This Campari spot (one of three from Euro RSCG) hails all the way from Italy, so it still hasn’t particularly grabbed the attention of many state-side.
Campari’s an interesting brand - one with a rich history and a great product in need of an injection of “cool” (in a weird way, their situation is almost reminiscent of Old Spice’s conundrum, which was, of course, recently solved by their Man Your Man Could Smell Like series of ads and social media releases). I feel like my Grandmother drank Campari - yet with the classic cocktail revival showing no signs of slowing down, the brand is finally taking this opportunity to re-claim their heritage and emphasize the importance of their product in famous drinks. A little-known fact is that in the original James Bond novel, Casino Royale, the suave British spy actually orders an Americano as his first drink.
Whether you loathe or love the hip, young people enjoying Campari in this tableau (AdFreak was particularly harsh in their review of the spot… maybe it’s because I’m from Manhattan, but I find the hipsters charming) - it’s undeniably intriguing. Amid a world of fast-paced, sexed-up and explosion-laden advertising, Campari has managed to slow things down by elegantly, if not oddly, displaying classic brand recipes in an aesthetically-pleasing way. The spot is pretty, ethereal and relaxing - quenching the consumer of their thirst for an advertisement that doesn’t unceremoniously shove a message down their throats.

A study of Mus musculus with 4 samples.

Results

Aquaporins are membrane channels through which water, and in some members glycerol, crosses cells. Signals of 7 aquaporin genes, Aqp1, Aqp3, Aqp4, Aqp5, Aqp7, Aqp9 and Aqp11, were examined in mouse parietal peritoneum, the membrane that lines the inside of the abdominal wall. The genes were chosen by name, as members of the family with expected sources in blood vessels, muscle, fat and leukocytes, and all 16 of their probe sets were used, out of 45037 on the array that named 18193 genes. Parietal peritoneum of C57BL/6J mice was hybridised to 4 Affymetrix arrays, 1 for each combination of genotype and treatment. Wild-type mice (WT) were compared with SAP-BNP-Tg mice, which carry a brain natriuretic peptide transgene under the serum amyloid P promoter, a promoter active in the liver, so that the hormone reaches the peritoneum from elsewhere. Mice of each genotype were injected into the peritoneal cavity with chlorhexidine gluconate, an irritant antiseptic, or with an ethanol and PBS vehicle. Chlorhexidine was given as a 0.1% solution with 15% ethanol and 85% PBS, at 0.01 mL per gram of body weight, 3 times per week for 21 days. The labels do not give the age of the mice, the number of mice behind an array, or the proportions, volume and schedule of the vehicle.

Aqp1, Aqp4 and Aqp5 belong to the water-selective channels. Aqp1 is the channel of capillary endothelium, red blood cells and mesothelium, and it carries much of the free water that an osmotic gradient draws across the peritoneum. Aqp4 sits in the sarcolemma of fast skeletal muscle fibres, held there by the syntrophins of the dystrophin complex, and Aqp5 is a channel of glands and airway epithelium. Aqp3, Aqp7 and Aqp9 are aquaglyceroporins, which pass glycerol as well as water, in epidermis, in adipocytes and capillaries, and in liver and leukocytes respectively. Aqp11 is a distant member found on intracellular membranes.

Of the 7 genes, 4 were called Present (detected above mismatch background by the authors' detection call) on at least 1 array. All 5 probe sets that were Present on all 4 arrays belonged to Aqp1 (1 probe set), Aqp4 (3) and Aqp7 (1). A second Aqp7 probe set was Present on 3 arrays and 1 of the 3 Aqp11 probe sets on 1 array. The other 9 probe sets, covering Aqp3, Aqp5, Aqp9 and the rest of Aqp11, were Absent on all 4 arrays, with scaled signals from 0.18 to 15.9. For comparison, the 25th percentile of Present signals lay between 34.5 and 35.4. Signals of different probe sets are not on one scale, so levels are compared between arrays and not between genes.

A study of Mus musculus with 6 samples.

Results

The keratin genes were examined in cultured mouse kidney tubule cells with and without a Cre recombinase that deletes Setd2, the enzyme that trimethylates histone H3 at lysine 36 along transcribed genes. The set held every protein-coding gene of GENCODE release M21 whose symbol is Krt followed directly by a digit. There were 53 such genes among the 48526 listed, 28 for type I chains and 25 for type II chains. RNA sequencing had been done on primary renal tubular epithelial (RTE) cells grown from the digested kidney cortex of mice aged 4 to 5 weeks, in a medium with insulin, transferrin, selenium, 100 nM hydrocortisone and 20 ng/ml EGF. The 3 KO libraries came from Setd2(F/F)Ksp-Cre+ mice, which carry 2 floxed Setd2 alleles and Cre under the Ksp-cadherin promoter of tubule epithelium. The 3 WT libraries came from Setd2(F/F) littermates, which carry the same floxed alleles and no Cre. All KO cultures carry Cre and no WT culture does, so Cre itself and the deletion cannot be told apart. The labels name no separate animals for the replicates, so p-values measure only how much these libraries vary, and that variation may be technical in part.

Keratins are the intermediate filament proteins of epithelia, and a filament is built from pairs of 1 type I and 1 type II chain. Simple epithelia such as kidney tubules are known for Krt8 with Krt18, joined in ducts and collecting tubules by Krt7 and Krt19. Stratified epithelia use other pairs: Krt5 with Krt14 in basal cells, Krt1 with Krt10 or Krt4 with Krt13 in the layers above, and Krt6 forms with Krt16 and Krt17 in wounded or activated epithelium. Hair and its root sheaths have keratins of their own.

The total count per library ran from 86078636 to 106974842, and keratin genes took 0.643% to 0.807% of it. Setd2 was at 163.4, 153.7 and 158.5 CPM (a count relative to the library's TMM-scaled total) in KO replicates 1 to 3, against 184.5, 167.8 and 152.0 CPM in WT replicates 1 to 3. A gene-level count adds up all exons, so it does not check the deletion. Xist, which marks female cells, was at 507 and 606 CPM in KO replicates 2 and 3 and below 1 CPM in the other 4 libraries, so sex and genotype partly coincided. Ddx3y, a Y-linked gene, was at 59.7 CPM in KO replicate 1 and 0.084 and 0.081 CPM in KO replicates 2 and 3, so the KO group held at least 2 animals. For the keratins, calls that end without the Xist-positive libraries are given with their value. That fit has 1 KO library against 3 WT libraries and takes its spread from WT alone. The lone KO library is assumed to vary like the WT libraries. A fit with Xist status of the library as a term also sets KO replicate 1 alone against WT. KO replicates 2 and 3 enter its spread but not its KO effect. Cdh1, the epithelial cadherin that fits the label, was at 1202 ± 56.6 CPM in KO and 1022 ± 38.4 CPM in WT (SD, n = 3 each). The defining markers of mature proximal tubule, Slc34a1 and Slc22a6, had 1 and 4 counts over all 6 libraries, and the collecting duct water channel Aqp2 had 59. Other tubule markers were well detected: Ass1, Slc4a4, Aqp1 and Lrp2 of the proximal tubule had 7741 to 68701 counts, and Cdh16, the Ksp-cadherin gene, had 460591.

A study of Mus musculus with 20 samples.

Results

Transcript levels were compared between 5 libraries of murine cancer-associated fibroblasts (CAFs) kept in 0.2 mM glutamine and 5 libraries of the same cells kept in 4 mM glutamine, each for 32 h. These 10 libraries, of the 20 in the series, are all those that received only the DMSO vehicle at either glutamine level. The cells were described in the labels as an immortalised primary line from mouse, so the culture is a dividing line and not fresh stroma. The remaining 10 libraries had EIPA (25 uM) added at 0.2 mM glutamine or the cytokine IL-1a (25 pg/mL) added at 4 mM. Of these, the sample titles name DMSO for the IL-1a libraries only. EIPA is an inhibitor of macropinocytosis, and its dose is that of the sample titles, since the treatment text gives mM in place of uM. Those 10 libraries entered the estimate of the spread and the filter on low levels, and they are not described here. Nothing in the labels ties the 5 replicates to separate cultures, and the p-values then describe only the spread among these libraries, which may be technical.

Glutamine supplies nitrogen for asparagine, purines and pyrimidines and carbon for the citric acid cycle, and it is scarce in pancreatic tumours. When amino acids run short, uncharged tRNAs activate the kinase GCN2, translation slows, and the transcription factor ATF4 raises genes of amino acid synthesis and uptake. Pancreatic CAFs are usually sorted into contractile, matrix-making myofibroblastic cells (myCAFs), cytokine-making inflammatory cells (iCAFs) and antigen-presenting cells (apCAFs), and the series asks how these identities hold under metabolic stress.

Both the soundtrack and cinematography are reminiscent of Phillips’ now-famous “Carousel” spot (deemed the number 2 Most Epic Ad That Isn’t Apple’s 1984 by Adfreak - http://www.youtube.com/watch?v=lQ3D4CqHbJM), yet the subject-matter is so different that I doubt it served as much of a model and, if it figured into Euro RSCG’s creative process at all, it was probably nothing more than an inspiration.
The Americano cocktail featured in the spot consists of Campari, sweet vermouth and club soda. This concoction’s name comes from the unusually large amount of Americans who ordered it at Campari’s original bar in Italy in the late 1800s - so if you like the ad, why not try and mix the drink?